The distance from Tuscany to Sicily is less than 500 air miles, but the culture gap between the two regions is enormous. If you’re tempted to minimize that chasm, look at the differences in wine grape varieties. Sicily’s major white grapes are Grecanico, Inzolia, and Catarratto, with Nero d’Avola and Frappato dominating for reds. You might be a fan of vanilla and chocolate, but Sicily is way beyond Cherry Garcia.
Historically, the area is best known for Marsala, a fortified wine produced in and around the town of the same name. Another popular dessert wine, Passito di Pantelleria, is made from dried Moscato grapes grown on a satellite island off Sicily’s northern coast. Recently, however, a new wave of fine wine producers is popping up in Sicily, thanks to an influx of outside capital and winemaking talent—similar to what occurred in Tuscany in the 1980s. Following are some of the best new Sicilian winemakers.
Planeta. More than any other estate, Planeta established the reputation of Sicilian wine in the modern era. The property views wine as part of a broader cultural context that includes art, food, travel, and regional identity. Its website proclaims: “If a winemaker does not go home and read a book after finishing his work, he cannot make good wine.” Try dishing out that kind of advice in California. The portfolio begins with the La Segreta Bianco and Rosso blends (around $13), and includes mainstream varieties such as Chardonnay, Merlot, and Syrah, as well as regional grapes like Frappato and Carricante ($30-$40).
Tasca d’Almerita. Ironically, one of Sicily’s most modern wineries is also one of its oldest. Founded in 1830, Tasca d’Almerita today combines tradition with technology. The flagship wine is Rosso del Conte ($65), a red blend of Nero d’Avola with other regional varieties. Its entry-level Bianco ($12) and Nero d’Avola ($14) are good values.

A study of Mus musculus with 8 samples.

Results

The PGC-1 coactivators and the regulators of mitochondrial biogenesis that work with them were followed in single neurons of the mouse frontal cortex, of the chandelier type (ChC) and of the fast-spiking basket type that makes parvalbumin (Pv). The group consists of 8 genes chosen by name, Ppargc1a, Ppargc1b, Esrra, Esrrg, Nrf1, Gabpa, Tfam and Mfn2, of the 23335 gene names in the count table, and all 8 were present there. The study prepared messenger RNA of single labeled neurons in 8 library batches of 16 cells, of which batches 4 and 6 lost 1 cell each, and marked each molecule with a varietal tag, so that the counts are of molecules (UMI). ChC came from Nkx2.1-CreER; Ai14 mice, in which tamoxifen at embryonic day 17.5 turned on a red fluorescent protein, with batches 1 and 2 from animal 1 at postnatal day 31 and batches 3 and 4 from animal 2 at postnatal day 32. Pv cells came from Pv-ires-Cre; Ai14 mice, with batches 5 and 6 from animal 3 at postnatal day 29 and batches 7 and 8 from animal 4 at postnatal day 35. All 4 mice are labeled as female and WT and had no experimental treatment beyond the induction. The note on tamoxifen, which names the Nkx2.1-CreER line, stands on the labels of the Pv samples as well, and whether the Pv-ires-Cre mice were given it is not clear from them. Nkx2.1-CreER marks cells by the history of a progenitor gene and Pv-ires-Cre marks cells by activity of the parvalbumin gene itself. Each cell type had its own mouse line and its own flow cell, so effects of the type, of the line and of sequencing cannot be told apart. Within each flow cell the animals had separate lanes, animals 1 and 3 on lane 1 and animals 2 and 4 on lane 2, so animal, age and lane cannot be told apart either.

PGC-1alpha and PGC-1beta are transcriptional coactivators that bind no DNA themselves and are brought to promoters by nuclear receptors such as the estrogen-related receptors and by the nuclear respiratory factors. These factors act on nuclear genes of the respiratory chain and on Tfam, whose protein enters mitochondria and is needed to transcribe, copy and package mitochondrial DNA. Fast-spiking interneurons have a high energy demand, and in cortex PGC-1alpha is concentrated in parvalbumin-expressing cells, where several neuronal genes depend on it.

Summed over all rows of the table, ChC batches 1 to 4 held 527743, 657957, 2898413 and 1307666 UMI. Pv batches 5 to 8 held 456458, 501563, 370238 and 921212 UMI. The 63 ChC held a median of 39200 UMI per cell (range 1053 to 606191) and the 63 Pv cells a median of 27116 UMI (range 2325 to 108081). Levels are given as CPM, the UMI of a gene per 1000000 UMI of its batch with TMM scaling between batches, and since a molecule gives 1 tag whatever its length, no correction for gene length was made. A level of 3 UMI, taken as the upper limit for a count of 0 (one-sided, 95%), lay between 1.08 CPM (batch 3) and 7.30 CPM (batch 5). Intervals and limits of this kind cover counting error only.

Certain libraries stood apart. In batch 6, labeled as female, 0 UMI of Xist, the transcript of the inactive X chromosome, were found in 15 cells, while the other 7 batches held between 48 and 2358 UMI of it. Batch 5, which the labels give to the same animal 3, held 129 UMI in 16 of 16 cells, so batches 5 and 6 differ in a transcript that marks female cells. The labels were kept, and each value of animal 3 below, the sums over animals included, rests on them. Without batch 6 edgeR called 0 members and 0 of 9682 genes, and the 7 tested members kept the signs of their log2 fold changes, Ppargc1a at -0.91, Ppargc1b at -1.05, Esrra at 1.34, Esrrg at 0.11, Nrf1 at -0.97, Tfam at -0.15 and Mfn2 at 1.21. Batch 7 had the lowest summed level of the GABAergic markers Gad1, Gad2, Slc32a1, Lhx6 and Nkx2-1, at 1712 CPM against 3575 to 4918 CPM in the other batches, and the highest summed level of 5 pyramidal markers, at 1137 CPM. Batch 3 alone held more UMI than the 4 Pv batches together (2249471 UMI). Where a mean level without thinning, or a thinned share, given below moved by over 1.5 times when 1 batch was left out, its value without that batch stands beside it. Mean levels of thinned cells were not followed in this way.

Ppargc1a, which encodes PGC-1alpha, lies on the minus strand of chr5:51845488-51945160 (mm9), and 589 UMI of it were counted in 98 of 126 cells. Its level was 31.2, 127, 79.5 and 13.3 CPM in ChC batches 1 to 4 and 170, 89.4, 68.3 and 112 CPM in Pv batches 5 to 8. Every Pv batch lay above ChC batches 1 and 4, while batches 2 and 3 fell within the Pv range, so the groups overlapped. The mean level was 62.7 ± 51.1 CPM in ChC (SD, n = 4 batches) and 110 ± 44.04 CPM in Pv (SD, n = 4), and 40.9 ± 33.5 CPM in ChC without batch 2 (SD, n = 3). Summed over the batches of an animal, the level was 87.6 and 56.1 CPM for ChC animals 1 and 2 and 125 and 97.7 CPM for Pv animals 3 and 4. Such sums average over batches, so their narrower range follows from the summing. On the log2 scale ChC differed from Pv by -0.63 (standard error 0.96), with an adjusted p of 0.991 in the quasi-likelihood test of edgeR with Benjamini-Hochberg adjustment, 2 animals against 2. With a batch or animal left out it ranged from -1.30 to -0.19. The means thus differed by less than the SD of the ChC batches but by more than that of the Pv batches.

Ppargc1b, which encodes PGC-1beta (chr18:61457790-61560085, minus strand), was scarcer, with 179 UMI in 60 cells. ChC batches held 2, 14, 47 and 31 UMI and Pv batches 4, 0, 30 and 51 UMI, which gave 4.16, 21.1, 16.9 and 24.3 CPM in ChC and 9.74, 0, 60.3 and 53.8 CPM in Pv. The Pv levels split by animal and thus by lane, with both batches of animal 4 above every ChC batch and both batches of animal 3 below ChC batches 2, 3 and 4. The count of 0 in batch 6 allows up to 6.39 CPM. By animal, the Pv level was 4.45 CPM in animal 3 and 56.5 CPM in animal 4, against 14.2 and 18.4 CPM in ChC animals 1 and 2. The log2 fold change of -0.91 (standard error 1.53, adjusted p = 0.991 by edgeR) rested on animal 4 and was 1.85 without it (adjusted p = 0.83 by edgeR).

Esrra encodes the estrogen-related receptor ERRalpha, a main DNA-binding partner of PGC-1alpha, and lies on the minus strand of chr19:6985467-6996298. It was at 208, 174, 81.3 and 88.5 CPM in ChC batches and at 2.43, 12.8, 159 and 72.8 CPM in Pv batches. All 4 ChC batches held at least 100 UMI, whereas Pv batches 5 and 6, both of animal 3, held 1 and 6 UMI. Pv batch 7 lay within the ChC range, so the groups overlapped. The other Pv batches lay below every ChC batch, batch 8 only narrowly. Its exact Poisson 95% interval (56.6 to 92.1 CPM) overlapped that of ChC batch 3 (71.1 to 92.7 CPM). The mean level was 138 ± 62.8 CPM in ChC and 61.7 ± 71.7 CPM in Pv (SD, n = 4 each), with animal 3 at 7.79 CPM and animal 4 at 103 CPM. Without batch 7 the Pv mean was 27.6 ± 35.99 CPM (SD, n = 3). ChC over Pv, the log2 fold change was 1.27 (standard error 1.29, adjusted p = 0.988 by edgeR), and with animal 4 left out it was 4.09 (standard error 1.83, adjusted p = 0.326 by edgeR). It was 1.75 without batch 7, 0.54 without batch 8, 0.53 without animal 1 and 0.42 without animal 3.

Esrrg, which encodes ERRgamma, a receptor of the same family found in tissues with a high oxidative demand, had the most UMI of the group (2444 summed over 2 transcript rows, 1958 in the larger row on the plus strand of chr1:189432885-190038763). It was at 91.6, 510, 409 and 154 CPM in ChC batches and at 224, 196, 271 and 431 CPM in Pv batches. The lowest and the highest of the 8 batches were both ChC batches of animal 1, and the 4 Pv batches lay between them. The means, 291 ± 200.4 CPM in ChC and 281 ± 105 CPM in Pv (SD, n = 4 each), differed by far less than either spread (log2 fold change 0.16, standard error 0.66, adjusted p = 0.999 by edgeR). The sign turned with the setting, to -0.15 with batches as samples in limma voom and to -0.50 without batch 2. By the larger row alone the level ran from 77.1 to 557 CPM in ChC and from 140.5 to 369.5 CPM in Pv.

Donnafugata. Like Planeta, Donnafugata is heavily involved in literature, music, art, archaeology, and food as well as wine. Whites include native varieties such as Grillo (SurSur, $20) and interesting blends of Chardonnay and Ansonica (Chiarandà, $40). Nero d’Avola is the main focus for reds, culminating in the Mille e Una Notte, or “Thousand and One Nights” ($75).
Azienda Agricola Cos. Founded in 1980 by three students on vacation, Cos morphed into a winery. Although the trio learned the technology of winemaking over the years, they ultimately decided to return to a more traditional—even primitive—approach. They are best known for a blend of Nero d’Avola and Frappato called Pithos ($35), fermented in large clay amphorae that are then buried in the ground for aging.
Morgante. Antonio Morgante and his sons established their winery in 1994, and soon afterward enlisted the help of one of Italy’s most respected winemakers, Riccardo Cotarella. He has primarily devoted himself to crafting reds from the Nero d’Avola grape, particularly the Don Antonio Riserva ($40).
If you go: Sicily has a heavy schedule of food festivals throughout the year, many of which focus on a single culinary ingredient, such as artichokes, cuttlefish, strawberries, or tomatoes. The Planeta winery allows consumers to book tastings and meals at four of its estates (Menfi, Vittoria, Noto, and Etna). Tasca D’Almerita operates a boutique hotel and resort at its Capofaro estate. In addition to offering tours and tastings at three locations, Donnafugata owns a golf resort and spa in Ragusa.